Having houseguests can be a strain but new research shows that penguins can quickly adapt to the stress of ecotourism. Experimental evidence that wild penguins get used to people visiting their breeding colony was presented by Brian Walker of the University of Washington in Seattle at the June 1999 Society for Conservation Biology meeting.
Ecotourism is the fastest-growing industry in the world today and is worth about $300 billion annually, says Walker. Each year more than 45,000 people flock to the world's largest Magellanic Penguin breeding colony in Punta Tombo, Argentina. Tourists walk along a trail that goes right into the colony and comes within inches of nests.
To see how people affect the penguins, Walker and his colleagues walked, talked and sang near penguins that nested along the tourist trail (and so were used to people) and near penguins that nested in a remote area (and so were not used to people).
The researchers compared the stress levels of the two groups of penguins with two measures. The first measure was the rate of head-turning, a behavior that penguins display when agitated by, for instance, the approach of a fox or other predator. The second measure of stress was the blood level of corticosterone, a steroid hormone that rises with stress and can kill animals if it gets too high.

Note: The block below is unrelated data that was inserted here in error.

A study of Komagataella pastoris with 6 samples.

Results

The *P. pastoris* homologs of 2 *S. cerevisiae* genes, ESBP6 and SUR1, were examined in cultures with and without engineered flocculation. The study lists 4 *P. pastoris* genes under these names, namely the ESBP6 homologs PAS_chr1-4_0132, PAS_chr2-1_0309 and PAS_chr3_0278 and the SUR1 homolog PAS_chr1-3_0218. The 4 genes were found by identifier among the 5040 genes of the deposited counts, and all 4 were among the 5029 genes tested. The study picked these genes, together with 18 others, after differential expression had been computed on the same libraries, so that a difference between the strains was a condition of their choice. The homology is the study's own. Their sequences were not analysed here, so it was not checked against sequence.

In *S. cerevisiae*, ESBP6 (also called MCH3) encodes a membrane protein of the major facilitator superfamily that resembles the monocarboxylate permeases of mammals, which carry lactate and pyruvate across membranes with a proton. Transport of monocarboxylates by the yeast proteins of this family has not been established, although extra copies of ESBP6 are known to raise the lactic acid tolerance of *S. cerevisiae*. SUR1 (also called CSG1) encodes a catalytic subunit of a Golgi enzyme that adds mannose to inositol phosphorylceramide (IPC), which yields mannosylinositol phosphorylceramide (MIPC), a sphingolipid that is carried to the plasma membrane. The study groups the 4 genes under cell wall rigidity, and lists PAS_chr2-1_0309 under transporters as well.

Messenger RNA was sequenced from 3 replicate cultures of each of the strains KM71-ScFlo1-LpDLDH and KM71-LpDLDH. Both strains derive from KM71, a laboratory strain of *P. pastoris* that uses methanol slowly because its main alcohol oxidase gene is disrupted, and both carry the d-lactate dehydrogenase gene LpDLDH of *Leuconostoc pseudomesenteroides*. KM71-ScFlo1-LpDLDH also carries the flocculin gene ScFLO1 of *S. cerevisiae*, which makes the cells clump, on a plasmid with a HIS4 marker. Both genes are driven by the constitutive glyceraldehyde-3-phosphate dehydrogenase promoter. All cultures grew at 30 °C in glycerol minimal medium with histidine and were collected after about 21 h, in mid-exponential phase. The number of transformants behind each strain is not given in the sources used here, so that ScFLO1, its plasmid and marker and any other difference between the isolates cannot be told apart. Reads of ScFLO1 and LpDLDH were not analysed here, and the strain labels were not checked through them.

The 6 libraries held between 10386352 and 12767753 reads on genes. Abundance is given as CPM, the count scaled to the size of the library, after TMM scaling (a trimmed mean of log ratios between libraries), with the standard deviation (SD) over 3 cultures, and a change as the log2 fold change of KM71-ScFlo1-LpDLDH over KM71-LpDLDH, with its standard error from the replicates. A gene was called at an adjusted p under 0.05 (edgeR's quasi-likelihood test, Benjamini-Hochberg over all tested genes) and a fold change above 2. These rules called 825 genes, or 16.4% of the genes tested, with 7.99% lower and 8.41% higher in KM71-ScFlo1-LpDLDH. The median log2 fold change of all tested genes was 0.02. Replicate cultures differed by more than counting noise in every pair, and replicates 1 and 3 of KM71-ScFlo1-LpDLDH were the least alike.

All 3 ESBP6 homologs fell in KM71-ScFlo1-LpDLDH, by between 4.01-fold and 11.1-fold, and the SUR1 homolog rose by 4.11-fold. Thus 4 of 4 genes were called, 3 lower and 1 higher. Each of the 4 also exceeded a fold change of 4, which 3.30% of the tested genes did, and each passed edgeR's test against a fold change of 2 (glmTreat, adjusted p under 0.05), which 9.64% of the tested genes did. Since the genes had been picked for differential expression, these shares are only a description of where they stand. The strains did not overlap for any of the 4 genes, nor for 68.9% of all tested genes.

Walker and his colleagues found that after 15 minutes of exposure to people, the penguins along the tourist trail were far less stressed than those in the remote area. "Tourist trail" penguins displayed only a fifth as many head turns as "remote" penguins (40 vs. about 200 head turns). Moreover, "tourist trail" penguins' corticosterone levels were only a third as high as those of "remote" penguins. This shows that "tourist trail" penguins have gotten used to people.
How long does it take penguins to get used to people? After 10 days of having people around, the "remote" penguins' rate of head-turning was as low as that of the "tourist trail" penguins. However, while the "remote" penguins' corticosterone levels also dropped during this time period, they still remained higher than "tourist trail" levels.
"Our data suggest that penguins and people can get along," says Walker. "The current level of ecotourism is not a significant cost to these breeding birds."
The above post is reprinted from materials provided by Society For Conservation Biology. Note: Content may be edited for style and length.